All rise for the Levator Scapula

  • Post author:
  • Post Category:Blog
Levator Scapula
Levator Scapula

Where is it?

The Levator Scapula starts at your neck vertebra (its origin), attaching to the transverse processes of C1 to c4 (these are the bones that stick out to the side of each vertebrae).  Each vertebra has a letter and number to designate where each vertebra is in your spinal column. C stands for Cervical – the neck part of your spine.  There are 8 vertebra in the Cervical spine, so the Levator Scapula is covering half of it at it’s origin.  The muscle’s other attachment (its insertion)  is at the scapula to medial border of the scapula, along the superior angle to the root of the spine of your scapula.

You can find the muscle’s attachment points using your fingers to run along the side of your neck vertebra.  If you can, reach over your shoulder to find the top corner of your scapula, nearest the neck (that’s probably as much as you can easily reach).  You won’t, however, be able to actually feel your Levator Scapula is it actually lies beneath your large back muscle, the Trapezius.

What does it do?

The clue to the Levator scapula’s funcion lies in the name of the muscle itself.  Levator = elevate and Scapula = well, scapula.

As there are 2 Levator Scapula, one on on each side of your neck. They can work both independently (unilaterally) and together (bilaterally).

Unilaterally they raise your scapula.  Go on shrug one of your shoulders and say hello to the the Levator Scapula in action.  Even if you shrug both your shoulders together, they are still working independently of each other.  They also downwardly rotate the scapula.

If you flex your head and neck to the side, or turn your head, the Levator Scapula on that side of your neck is contracting to make that movement.

Bilaterally, they  extend the head and neck.  So when you stand tall and hold your head high -showing good posture – your Levator Scapula muscles are working together to help you maintain that position.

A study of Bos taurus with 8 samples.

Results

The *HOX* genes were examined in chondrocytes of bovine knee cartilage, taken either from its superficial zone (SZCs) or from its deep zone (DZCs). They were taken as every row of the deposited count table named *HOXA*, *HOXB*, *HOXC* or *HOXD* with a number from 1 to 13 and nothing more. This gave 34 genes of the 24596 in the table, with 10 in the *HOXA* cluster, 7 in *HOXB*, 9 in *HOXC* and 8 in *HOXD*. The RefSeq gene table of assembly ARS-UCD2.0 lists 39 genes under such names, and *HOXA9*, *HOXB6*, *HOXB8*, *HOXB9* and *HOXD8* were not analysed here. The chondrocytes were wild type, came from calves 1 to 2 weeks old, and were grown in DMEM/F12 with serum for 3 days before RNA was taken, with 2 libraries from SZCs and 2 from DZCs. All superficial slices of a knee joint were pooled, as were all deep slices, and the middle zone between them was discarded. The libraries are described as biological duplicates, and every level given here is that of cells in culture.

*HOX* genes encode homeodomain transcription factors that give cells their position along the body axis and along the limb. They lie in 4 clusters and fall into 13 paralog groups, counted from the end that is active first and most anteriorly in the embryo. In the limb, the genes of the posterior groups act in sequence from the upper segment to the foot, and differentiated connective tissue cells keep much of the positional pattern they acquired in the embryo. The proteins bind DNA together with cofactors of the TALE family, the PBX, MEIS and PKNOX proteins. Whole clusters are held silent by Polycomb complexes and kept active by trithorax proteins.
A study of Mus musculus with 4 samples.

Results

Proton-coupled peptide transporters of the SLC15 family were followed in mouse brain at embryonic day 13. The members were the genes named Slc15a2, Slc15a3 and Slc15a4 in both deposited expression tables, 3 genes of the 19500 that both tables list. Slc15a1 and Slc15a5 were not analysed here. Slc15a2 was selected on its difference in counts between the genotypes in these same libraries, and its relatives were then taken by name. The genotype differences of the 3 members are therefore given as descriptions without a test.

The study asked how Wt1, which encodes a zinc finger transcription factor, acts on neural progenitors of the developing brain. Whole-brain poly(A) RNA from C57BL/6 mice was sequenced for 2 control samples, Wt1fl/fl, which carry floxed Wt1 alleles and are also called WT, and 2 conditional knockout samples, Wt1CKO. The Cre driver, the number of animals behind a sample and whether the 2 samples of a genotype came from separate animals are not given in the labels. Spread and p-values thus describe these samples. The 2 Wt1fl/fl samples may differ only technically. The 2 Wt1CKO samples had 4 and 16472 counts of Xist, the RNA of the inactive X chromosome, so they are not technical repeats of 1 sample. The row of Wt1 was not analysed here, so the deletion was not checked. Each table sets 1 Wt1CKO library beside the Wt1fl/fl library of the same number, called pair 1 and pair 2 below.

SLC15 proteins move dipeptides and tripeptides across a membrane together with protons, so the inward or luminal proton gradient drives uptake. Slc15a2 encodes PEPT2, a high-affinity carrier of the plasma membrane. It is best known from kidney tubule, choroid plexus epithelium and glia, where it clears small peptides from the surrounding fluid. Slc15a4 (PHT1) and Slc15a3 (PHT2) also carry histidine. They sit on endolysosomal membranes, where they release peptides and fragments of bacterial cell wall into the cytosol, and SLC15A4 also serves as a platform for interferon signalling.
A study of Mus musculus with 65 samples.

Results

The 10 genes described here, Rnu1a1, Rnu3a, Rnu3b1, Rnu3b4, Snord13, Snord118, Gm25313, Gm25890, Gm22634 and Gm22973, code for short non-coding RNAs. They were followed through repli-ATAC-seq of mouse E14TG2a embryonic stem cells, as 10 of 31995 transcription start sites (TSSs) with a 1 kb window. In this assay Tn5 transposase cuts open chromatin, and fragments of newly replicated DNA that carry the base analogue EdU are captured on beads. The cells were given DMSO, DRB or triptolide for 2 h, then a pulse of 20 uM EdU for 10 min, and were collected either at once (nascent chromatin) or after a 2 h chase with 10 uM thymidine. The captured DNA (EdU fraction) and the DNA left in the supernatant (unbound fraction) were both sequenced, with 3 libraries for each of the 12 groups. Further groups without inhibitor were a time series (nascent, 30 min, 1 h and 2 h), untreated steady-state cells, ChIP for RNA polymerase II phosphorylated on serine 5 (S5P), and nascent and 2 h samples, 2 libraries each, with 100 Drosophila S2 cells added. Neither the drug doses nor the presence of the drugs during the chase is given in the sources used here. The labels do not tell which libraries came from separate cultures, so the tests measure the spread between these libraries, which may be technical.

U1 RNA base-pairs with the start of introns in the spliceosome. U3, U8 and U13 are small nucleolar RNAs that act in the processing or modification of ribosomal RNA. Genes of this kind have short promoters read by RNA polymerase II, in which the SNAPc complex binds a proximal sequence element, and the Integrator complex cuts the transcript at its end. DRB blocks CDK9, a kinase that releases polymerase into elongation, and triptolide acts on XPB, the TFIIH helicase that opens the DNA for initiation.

When you next look over your shoulder to manoeuvre your car, or balance your mobile phone between your ear and shoulder, think of your Levator Scapula and how hard is is working.

Common Problems

How many times has someone said to you to relax your shoulders?  What this means is that your Levator Scapula has become stuck in the elevated position.  Why does this happen?  Well here are 3 possible ways:

  • Carrying a bag on one shoulder or arm all the time means that the Levator Scapula will have elevate the scapula to counter balance the weight.  If this becomes a movement it must perform continually the muscle can find it difficult to function as it should.  In effect it just stays locked in an elevated position.
  • If your head continually falls forward from looking at the ground as you walk or looking down at your mobile device, then the Levator Scapula, along with your other neck muscles, have to work really hard to support your head (the heaviest part of your body) in a position.  To pull your head back up they must fight gravity and as they become weaker, this becomes harder to do.
  • If you’re feeling stressed, one of the most common postural responses is to hunch up your shoulders and without relief, they can often stay there.  This can often happen without you realising it, although you might identify with a feeling of ‘slumped shoulders”.

Eventually, you may become aware of a pain or stiffness in your head or neck, perhaps even a headache.  Most people though would find it hard to identify where the problem started.

Stretches for your Levator Scapula

Here are 2 stretches for your Leveator Scapula:

While looking forward and with your head up, slowing move your ear towards your shoulder.  Keep your hands behind your back.

Whilst standing, let your chin fall forwards towards your chest. Gently move your head to one side in a circular motion, drawing your chin towards your shoulder.  Repeat on the other side.